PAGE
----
Tuesday, December 20, 2011

Is data the new liquid gold?


Many companies including Facebook, Apple and Google view data - especially mobile data - as liquid gold. And they are probably right, as there appears to be promising ways to monetize data, with operators in an especially strong position to capitalize on this trend.



But are there moral considerations?

At a recent Informa SDM event in London representatives from operators all around the world shared their experiences and strategies on handling the available subscriber data that can be consolidated from their networks.

They discussed the real social graphs versus the Facebook graph, business applications possible with this data, and, of course, the thorny issues related to privacy.

A Swedish newspaper called Dagens Nyheter published a related article recently. The article discusses how 800 million Facebook subscribers receive suggestions about songs to listen to, video clips to watch, games to play, stuff to buy, events to visit and people to get familiar with.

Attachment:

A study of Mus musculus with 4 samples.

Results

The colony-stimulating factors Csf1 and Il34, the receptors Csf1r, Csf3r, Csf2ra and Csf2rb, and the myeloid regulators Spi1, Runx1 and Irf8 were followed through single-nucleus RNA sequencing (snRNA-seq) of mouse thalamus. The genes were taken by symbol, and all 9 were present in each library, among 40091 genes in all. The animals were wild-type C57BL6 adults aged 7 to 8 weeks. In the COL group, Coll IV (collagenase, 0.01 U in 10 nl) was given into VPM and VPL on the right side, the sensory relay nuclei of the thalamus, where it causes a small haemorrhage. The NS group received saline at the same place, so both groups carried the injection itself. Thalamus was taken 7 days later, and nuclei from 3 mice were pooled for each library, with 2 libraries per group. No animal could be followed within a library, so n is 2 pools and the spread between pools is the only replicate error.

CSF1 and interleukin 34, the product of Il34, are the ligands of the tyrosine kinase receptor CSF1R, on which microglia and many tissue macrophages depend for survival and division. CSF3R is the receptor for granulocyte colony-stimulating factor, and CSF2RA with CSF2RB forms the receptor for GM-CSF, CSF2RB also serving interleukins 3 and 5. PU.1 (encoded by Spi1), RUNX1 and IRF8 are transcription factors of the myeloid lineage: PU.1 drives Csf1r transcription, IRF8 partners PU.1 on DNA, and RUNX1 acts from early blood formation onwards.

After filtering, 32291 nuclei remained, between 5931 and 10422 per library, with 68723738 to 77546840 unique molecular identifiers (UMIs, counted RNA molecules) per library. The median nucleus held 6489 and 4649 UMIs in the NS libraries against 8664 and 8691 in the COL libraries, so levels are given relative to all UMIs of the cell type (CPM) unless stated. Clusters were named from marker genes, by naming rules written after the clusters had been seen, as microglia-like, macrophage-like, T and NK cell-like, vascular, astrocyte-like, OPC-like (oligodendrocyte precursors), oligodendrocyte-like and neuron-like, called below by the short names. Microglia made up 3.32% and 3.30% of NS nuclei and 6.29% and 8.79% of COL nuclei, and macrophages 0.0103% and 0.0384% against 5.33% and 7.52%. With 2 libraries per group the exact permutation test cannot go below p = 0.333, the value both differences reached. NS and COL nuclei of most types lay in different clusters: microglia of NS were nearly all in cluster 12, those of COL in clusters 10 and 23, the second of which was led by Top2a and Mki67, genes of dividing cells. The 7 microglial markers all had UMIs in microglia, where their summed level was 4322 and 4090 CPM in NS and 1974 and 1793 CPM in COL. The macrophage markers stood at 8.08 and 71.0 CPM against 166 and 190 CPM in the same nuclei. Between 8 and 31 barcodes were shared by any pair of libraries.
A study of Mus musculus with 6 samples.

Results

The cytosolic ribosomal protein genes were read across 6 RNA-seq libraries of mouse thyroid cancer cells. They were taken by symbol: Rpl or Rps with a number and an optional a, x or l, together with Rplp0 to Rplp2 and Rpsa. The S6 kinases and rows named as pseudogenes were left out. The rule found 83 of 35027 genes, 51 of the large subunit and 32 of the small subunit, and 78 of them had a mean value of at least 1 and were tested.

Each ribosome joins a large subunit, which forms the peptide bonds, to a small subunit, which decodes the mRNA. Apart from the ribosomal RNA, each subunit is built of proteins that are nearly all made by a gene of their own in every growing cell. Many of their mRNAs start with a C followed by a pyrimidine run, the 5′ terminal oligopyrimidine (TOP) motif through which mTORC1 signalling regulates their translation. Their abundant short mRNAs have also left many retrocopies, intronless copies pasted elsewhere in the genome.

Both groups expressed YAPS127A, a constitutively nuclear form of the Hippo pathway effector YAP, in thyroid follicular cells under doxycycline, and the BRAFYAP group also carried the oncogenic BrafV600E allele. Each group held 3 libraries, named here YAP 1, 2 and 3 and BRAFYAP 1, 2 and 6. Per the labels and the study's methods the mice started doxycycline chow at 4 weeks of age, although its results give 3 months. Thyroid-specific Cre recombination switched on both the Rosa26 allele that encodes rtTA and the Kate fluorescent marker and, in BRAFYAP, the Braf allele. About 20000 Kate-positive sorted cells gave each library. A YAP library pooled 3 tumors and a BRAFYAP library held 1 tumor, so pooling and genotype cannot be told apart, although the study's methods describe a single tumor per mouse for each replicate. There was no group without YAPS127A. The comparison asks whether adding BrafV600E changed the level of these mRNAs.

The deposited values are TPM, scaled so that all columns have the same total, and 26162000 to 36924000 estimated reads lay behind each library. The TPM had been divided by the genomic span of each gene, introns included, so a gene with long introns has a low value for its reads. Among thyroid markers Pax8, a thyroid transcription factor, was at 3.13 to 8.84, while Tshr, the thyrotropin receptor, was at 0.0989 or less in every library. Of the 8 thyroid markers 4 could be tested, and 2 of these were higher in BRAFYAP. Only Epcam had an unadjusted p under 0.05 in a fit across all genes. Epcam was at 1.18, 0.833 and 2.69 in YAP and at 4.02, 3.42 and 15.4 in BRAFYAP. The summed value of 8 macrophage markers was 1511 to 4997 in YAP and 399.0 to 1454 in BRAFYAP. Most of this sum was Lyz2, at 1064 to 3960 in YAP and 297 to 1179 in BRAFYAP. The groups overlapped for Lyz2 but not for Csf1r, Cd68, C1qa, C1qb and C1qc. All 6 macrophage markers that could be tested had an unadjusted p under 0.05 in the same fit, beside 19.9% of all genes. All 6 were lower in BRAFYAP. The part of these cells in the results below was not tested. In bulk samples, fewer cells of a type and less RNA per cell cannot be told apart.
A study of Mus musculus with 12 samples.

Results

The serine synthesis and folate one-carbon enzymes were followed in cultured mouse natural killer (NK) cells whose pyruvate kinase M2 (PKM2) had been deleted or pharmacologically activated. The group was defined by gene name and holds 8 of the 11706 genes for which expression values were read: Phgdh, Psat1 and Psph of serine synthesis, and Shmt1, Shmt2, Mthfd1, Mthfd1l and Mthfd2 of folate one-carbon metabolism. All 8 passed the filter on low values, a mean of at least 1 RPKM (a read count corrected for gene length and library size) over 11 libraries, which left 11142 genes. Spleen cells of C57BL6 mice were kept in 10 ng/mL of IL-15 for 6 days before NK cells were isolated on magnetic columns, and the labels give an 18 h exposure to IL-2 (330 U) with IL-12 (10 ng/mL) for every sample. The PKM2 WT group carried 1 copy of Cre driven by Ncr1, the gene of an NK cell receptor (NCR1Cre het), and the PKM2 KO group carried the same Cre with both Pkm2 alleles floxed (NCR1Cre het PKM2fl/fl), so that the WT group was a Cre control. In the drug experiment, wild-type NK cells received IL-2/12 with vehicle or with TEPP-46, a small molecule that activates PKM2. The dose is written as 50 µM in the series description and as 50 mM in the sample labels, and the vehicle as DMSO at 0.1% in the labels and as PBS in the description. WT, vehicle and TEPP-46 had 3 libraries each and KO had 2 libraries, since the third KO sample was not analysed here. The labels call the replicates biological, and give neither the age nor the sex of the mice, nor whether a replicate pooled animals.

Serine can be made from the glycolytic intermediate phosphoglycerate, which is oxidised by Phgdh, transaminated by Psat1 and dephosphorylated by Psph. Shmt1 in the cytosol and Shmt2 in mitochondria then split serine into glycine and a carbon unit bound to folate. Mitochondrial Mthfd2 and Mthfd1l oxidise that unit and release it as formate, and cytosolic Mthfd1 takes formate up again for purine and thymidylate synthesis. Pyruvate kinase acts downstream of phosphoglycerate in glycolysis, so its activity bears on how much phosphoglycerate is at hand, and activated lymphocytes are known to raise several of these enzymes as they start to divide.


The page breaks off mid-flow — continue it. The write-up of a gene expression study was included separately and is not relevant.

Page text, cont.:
We then “repay” the company with our own updates, invitations, links and photos.

So have you ever discussed your love for Justin Bieber, Bob Dylan or U2 with friends on Facebook?

Ever been surprised when you receive a subsequent offer from CDON to buy their latest signed record?

This is targeted marketing at its best. I think it’s wonderful to finally be reminded about what I like and what I might want to purchase...

Or is it?

4 comments:

  1. I'm not sure it's so wonderful...do we really need reminding that we like something?



    Take Spotify for example. They have a service that makes suggestions based on my listening habits. Ive been introduced to a lot of great music this way.

    I dont always have the time to search through countless playlists in the hope of discovering fresh music.

    So, these suggestions are a welcome addition to my listening habits.

    I imagine up and coming bands really see the value in such exposure. Whether Dylan, The Rolling Stones and other heavy-weights agree is another question.